Buddha Narrative, 2nd - 3rd century
Schist 8 3/4 in. x 20 1/2 in. (22.23 cm x 52.07 cm)
Crocker Art Museum, anonymous gift
The Greeks, Sakas, Parthians, and Kushans successively ruled Gandhara from the mid-1st millennium bce to the mid-1st millennium ce. The region lay on the Silk Route, and its cities were important trading centers where Buddhism was widespread. Buddhist sites, which have been deserted since the end of the 1st millennium ce, usually consisted of a large stupa (reliquary mound), often surrounded by smaller stupas, and a monastery.
Buddha images, narrative reliefs of the life of the historical Buddha Shakyamuni and, less often, Western subject matter adorned the stupas and monasteries. This curved relief, which would have been placed on the drum of a small stupa, records the birth of Prince Siddhartha, who became the historical Buddha. Three scenes progress from right to left. On the far right Queen Maya travels to her family in a chariot; in the center Prince Siddhartha is born, emerging from her side in the Lumbini Grove; on the far left the gods lustrate the baby.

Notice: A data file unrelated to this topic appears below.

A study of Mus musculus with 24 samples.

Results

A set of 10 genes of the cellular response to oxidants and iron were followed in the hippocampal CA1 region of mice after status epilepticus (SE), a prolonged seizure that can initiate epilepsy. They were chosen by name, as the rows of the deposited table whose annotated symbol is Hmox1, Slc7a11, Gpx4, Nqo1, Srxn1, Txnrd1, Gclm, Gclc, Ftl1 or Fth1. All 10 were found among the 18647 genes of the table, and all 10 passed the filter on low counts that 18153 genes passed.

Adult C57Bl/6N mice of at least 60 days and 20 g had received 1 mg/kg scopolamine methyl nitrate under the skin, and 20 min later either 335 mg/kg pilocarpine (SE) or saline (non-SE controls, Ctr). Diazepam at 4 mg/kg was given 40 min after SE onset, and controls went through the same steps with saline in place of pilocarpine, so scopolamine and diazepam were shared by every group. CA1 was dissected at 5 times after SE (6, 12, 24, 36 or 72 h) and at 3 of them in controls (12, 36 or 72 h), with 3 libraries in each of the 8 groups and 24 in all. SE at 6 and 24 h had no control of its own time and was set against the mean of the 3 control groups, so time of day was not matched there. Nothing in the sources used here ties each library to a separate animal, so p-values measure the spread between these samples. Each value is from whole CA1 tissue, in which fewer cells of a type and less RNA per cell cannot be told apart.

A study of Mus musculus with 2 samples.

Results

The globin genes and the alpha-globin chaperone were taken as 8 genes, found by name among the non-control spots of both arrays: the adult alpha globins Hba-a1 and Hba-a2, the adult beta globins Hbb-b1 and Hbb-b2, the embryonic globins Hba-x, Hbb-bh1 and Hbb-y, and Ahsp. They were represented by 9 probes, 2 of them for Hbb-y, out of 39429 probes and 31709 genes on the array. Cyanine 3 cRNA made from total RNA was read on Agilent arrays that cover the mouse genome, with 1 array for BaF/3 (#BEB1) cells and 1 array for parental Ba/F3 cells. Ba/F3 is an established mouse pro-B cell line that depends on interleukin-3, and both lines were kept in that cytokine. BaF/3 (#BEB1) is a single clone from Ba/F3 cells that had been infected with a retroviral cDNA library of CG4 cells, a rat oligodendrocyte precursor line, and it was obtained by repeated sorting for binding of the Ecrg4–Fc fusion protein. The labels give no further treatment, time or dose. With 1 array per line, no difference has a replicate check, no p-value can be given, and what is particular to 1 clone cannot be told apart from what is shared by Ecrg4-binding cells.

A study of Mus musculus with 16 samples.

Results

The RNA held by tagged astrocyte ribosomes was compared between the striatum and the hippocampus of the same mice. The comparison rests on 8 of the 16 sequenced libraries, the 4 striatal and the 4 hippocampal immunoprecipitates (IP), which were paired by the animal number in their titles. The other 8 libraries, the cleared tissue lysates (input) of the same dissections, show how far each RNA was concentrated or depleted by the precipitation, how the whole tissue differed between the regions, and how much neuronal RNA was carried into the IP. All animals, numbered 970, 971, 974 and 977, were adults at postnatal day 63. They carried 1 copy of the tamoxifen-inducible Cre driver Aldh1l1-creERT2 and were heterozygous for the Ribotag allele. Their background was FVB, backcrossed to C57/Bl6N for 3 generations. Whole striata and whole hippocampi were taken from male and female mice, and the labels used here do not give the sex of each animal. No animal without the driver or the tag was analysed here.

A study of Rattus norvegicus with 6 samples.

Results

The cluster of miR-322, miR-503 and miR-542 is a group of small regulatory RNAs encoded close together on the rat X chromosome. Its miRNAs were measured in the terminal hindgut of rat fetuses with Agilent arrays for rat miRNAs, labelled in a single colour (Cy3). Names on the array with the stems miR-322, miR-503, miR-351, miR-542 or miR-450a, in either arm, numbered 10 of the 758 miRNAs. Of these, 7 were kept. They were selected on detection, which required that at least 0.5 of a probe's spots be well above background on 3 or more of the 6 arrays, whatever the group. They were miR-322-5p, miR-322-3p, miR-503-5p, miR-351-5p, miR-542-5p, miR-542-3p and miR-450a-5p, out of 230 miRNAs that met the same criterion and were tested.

Greco-Roman style influenced Gandharan art in the treatment of the figures and clothing and in the partitioning of scenes with columns bearing ornate western-style capitals. The upper register of this relief, with its unidentified series of heavily robed, active figures, exemplifies this influence. The composition showing a rear view of the horseman leading Queen Maya’s chariot also seems more Western than Indian, as does the use of a chariot to transport the Queen. Yet the birth scene, with Maya grasping a tree as she kicks it into fruition, comes directly from the Indian depiction of the fertile female.